Britain, 1940, and the nation is suffering its darkest hour as a quarter of a million of their troops have been trapped in Dunkirk after a failed attempt to rescue them, leaving those back home extremely vulnerable to attack by the Nazi war machine. Their bombers have caused a lot of damage, and now the Royal Air Force are down to their last Spitfires it seems there's nothing to stop the Germans from invading. In a quiet, rural corner of England, Chris (voiced by Ewan McGregor), not allowed to join up with the forces because his hands were too big, may be the United Kingdom's last hope...
Here's evidence that someone was impressed with Team America: World Police, as brothers Edward McHenry and Rory McHenry, still in their twenties, managed to not only make a feature film using puppets and animation as that bigger hit had, but they managed to secure an impressive voice cast to deliver the dialogue as well. This wasn't a particularly high profile release, but it did see the inside of selected cinemas which is a lot more than can be said of some low budget enterprises, and the visuals displayed a meticulous attention to detail, not to mention Guy Michelmore's neat renditions of the music, which made for some highly entertaining scenes. Or they would have been if this had been a silent movie.
That was the problem, the moment the characters opened their CGI mouths it all went to pot as there wasn't one decent joke in the whole movie. The idea was to spoof all those stiff upper lipped World War II patriotic epics of yesteryear, and which would still show up on afternoon television in the U.K. so it's not as if nobody would be able to get the point, but at best the satire could be described as wide-ranging, but not any more biting than an episode of 'Allo, 'Allo! with which it shared a liking for funny voices. If you could get the references to what they were sending up you might have thought at least some chuckles were available, yet in effect the parodies here were blunt instruments.
That said, it was perfectly adequate to look at thanks to the McHenry brothers offering an insane attention to detail, all in the service of their own not quite up to par material. With Goebbels, Goering and Himmler advancing on England in The Hindenburg and Churchill (Timothy Spall) looking forward to his retirement until he acknowledges his country needs him, it's actually up to Chris to save the day, along with romancing his childhood sweetheart Daisy (Rosamund Pike) in spite of her father's disapproval, he being the local vicar (Richard E. Grant) whose big trait is that he is massively offensive, swearing and insulting people as if it was going out of fashion, which should give you some idea of the level of wit.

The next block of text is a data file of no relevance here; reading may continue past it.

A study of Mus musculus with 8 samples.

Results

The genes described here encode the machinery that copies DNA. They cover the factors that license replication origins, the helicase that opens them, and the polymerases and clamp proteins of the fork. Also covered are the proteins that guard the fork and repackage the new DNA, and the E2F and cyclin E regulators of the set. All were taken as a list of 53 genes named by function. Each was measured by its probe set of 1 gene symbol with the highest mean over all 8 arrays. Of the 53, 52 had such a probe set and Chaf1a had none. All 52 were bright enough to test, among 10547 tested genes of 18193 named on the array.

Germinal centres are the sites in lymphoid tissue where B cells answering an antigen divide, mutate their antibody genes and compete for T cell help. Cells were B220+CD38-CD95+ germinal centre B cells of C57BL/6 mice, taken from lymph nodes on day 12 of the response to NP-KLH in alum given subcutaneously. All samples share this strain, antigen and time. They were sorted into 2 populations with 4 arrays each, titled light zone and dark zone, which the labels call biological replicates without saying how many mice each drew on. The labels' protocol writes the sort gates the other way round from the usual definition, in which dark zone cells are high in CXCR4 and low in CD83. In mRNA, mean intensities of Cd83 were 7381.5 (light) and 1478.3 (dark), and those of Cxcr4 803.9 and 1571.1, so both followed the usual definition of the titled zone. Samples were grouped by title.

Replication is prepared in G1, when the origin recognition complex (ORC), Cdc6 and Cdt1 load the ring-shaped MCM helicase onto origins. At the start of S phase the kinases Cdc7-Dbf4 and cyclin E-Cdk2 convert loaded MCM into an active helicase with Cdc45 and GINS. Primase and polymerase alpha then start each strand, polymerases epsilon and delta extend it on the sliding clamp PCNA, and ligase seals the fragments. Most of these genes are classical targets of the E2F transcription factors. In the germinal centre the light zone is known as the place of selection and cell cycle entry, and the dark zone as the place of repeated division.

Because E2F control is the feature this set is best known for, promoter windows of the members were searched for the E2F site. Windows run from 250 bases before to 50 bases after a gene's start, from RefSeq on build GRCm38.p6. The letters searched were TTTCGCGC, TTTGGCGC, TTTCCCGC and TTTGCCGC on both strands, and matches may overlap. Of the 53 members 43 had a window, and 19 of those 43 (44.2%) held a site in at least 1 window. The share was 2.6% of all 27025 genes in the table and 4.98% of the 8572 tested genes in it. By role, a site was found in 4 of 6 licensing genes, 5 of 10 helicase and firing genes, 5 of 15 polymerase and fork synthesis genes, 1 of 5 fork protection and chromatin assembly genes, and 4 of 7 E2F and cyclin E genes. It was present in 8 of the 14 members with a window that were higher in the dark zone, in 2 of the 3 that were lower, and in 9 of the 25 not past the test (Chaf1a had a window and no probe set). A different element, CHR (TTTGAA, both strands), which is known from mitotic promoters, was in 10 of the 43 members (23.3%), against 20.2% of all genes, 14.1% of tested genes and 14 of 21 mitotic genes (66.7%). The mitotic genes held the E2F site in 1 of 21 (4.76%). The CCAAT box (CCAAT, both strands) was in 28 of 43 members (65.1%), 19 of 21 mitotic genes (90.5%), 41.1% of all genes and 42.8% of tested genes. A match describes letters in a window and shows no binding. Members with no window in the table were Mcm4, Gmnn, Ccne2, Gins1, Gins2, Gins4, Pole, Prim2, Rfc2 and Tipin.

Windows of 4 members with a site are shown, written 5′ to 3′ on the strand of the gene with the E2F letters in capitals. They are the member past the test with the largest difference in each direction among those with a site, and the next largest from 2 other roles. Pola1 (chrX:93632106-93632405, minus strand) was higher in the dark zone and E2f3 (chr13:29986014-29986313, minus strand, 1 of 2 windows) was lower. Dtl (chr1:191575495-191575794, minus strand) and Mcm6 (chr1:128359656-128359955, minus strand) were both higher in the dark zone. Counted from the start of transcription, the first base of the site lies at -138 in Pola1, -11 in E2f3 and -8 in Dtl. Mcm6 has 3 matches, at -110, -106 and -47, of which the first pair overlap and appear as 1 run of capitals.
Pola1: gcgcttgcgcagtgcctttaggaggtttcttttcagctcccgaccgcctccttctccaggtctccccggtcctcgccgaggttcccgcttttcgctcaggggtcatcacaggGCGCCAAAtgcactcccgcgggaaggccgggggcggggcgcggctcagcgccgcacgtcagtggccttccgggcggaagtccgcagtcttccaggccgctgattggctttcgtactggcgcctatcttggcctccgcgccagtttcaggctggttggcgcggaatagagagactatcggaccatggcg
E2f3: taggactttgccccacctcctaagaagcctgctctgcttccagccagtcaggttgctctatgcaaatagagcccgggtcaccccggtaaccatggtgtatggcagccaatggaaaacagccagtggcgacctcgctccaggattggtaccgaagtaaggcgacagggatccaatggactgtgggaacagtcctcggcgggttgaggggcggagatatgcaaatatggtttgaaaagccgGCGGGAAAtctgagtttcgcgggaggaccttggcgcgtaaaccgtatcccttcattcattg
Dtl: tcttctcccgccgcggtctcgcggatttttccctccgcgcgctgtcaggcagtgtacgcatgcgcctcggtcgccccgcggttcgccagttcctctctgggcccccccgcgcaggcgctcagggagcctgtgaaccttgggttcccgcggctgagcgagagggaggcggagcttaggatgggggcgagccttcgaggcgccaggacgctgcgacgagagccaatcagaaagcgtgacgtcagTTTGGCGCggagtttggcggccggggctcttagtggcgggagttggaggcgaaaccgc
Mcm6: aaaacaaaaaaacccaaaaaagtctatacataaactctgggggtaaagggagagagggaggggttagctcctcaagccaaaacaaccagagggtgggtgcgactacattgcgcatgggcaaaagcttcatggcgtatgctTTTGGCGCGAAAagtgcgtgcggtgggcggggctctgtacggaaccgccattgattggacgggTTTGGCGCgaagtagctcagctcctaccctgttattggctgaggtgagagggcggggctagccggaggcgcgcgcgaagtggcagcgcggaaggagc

Along with those we had an American (Dominic West) who flies in for reasons best known to himself as the U.S.A. were not in the war at this point, a Frenchman (Hugh Fraser) who crosses the Channel to chase the women, and an Indian (Sanjeev Baskar) who commands a regiment of his countrymen and escorts Churchill out of London when the Nazis take over. Obviously historical accuracy flew out of the window when the aims were making the audience laugh, but too often it was silly without actually being funny. It led up to an escape to Scotland, behind Hadrian's Wall which offers the excuse to get the Nazis confused with the Ancient Romans, and the savage Scots make their presence felt in an extended take-off on Braveheart where Chris discovers the origin of those large hands (and the rest of him). Some of this is mildly amusing, such as the final reveal, but putting Adolf Hitler in a frilly dress was not as hilarious as the directors seemed to think it was.